In 1997, David Bowie applied his well-known penchant for experimentation to finance: He offered to sell shares of his albums' future revenues. If you had faith in the enduring popularity of Ziggy Stardust and Space Oddity, you could purchase Bowie Bonds and receive a percentage of the royalties for 10 years. In return, the aging rock star got an immediate infusion of cash.Read the whole thing. This seems on the surface to be a great idea for aspiring musicians; many of the ones I've taught in college have an immense amount of talent, but very little in the way of funding for their studies. And since many college musicians have already started work on the professional level while in school, it would be easy for potential investors to see tangible evidence of their abilities. There's still plenty to work on to make this a successful idea in the U.S. (among other things, it works best like an insurance pool; not just future musicians, artists and actors but future doctors and lawyers would need to join in order to keep the program well-funded), but it certainly seems like a good option for people with a lot of talent but not so much cash.
When Miguel Palacios, a young Colombian financial analyst, heard the news of this arrangement, he had an epiphany. As a college student, he'd witnessed classmates reluctantly drop out of school because they couldn't afford to continue. Had they been able to offer their own version of Bowie Bonds, perhaps they could have earned their degrees.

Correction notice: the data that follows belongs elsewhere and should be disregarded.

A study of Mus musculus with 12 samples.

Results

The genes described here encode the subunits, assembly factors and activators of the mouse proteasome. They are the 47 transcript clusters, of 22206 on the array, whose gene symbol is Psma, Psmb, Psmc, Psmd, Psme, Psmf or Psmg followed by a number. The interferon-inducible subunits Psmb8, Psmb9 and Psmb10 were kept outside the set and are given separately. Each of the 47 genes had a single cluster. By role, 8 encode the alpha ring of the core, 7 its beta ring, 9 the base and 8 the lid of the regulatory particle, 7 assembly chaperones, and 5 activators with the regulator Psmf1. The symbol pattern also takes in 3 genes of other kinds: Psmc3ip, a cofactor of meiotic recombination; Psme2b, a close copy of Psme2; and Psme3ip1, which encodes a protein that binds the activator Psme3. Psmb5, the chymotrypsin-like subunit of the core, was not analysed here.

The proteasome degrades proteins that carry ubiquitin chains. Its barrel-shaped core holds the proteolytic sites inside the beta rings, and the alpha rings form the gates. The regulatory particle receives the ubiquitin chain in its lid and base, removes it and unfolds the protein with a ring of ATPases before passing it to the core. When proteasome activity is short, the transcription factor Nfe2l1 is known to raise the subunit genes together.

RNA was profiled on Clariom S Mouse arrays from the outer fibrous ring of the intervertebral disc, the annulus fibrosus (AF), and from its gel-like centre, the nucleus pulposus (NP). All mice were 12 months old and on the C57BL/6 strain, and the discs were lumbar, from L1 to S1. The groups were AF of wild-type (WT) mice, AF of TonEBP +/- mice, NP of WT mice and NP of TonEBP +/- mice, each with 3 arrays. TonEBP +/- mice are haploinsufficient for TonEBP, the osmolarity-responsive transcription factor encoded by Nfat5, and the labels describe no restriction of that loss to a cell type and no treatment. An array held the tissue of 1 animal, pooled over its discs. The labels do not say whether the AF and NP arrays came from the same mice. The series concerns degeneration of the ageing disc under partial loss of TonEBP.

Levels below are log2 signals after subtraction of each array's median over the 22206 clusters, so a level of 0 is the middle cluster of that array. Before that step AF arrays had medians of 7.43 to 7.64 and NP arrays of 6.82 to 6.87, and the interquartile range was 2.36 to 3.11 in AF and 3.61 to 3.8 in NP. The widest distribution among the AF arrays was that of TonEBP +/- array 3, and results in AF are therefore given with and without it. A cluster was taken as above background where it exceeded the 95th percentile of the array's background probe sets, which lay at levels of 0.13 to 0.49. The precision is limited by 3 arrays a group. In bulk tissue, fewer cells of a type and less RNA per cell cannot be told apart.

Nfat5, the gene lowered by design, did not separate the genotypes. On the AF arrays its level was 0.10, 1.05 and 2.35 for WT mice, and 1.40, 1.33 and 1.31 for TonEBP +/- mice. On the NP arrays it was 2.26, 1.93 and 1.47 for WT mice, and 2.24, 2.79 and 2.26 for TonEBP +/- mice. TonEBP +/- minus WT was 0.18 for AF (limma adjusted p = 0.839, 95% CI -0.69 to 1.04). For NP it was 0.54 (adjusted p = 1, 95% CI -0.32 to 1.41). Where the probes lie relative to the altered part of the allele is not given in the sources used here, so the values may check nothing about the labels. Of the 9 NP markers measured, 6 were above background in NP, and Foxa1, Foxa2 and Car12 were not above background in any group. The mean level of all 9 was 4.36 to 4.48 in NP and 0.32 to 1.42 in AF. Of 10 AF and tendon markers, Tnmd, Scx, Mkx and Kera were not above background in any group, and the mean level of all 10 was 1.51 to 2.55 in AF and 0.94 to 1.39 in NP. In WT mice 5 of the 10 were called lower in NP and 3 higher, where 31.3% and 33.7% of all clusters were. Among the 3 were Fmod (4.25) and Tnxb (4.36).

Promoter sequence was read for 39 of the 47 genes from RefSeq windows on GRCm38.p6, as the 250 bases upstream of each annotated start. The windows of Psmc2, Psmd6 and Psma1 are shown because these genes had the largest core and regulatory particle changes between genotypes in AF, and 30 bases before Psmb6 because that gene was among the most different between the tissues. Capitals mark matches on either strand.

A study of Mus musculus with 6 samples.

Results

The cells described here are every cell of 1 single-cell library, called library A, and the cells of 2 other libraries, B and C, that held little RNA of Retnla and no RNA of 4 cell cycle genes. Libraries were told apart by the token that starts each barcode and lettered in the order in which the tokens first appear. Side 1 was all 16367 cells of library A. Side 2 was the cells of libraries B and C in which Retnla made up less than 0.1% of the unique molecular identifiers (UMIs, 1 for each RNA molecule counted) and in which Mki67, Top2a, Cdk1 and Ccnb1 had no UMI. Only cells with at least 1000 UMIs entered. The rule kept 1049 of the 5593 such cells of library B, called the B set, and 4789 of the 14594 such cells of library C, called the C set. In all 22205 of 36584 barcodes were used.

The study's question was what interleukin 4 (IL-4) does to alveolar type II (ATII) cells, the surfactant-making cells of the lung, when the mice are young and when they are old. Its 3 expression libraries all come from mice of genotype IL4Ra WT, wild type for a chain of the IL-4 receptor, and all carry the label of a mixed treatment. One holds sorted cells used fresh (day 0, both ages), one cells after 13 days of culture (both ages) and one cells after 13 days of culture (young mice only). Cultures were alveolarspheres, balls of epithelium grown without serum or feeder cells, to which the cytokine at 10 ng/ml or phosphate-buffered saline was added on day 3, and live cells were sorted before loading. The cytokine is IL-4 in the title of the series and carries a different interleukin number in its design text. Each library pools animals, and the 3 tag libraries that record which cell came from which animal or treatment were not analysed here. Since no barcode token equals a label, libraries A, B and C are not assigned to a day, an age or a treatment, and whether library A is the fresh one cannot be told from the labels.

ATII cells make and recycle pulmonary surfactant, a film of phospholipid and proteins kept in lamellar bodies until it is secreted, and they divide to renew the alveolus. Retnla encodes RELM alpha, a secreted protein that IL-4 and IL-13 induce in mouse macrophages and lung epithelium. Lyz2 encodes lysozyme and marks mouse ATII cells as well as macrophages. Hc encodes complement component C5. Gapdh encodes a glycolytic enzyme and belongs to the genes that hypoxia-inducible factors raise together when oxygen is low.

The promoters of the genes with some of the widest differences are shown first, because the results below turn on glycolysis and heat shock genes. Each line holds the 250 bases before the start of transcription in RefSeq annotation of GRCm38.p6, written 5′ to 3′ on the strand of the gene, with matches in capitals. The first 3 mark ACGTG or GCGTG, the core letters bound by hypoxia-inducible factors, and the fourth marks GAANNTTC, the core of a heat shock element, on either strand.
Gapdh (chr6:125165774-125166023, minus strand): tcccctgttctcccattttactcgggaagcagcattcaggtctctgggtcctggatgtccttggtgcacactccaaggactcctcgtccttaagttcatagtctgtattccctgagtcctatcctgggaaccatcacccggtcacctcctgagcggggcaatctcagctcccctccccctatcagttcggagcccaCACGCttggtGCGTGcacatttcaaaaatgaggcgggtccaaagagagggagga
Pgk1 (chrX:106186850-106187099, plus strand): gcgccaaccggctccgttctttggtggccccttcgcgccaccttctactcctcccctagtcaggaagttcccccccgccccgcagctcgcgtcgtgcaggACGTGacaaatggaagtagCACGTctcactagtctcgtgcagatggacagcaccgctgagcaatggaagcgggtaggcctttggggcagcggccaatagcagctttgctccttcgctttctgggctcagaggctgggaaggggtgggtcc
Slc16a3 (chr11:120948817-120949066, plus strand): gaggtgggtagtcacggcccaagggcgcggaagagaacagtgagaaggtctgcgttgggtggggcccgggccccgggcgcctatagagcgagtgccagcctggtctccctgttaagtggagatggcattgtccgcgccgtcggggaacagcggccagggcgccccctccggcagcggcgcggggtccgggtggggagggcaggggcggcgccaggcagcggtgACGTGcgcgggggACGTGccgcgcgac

"If he could do it," Mr. Palacios thought, "why couldn't all those bright, talented students do it as well?"Other thinkers have begun to ask the same basic question. The result is an innovative way to think about paying for higher education. The idea, sometimes called human capital contracts, is that investors agree to cover the costs of college or graduate school in return for a percentage of the students' future earnings over a fixed period of time. Since payments are scaled to wages, the odds of default – and of financial hardship for the graduate – are greatly reduced. This scheme transfers much of the risk from students to investors. But if the students earn handsomely, the investors stand to gain more than they would under a traditional loan.
Over the last few years, several companies have begun brokering these agreements in Europe and Latin America. One of these, Lumni, which Mr. Palacios co-founded, is laying the groundwork for operations in the United States, and its first few clients here plan to sign contracts by the year's end.
What do you think? Leave your opinions in the comments.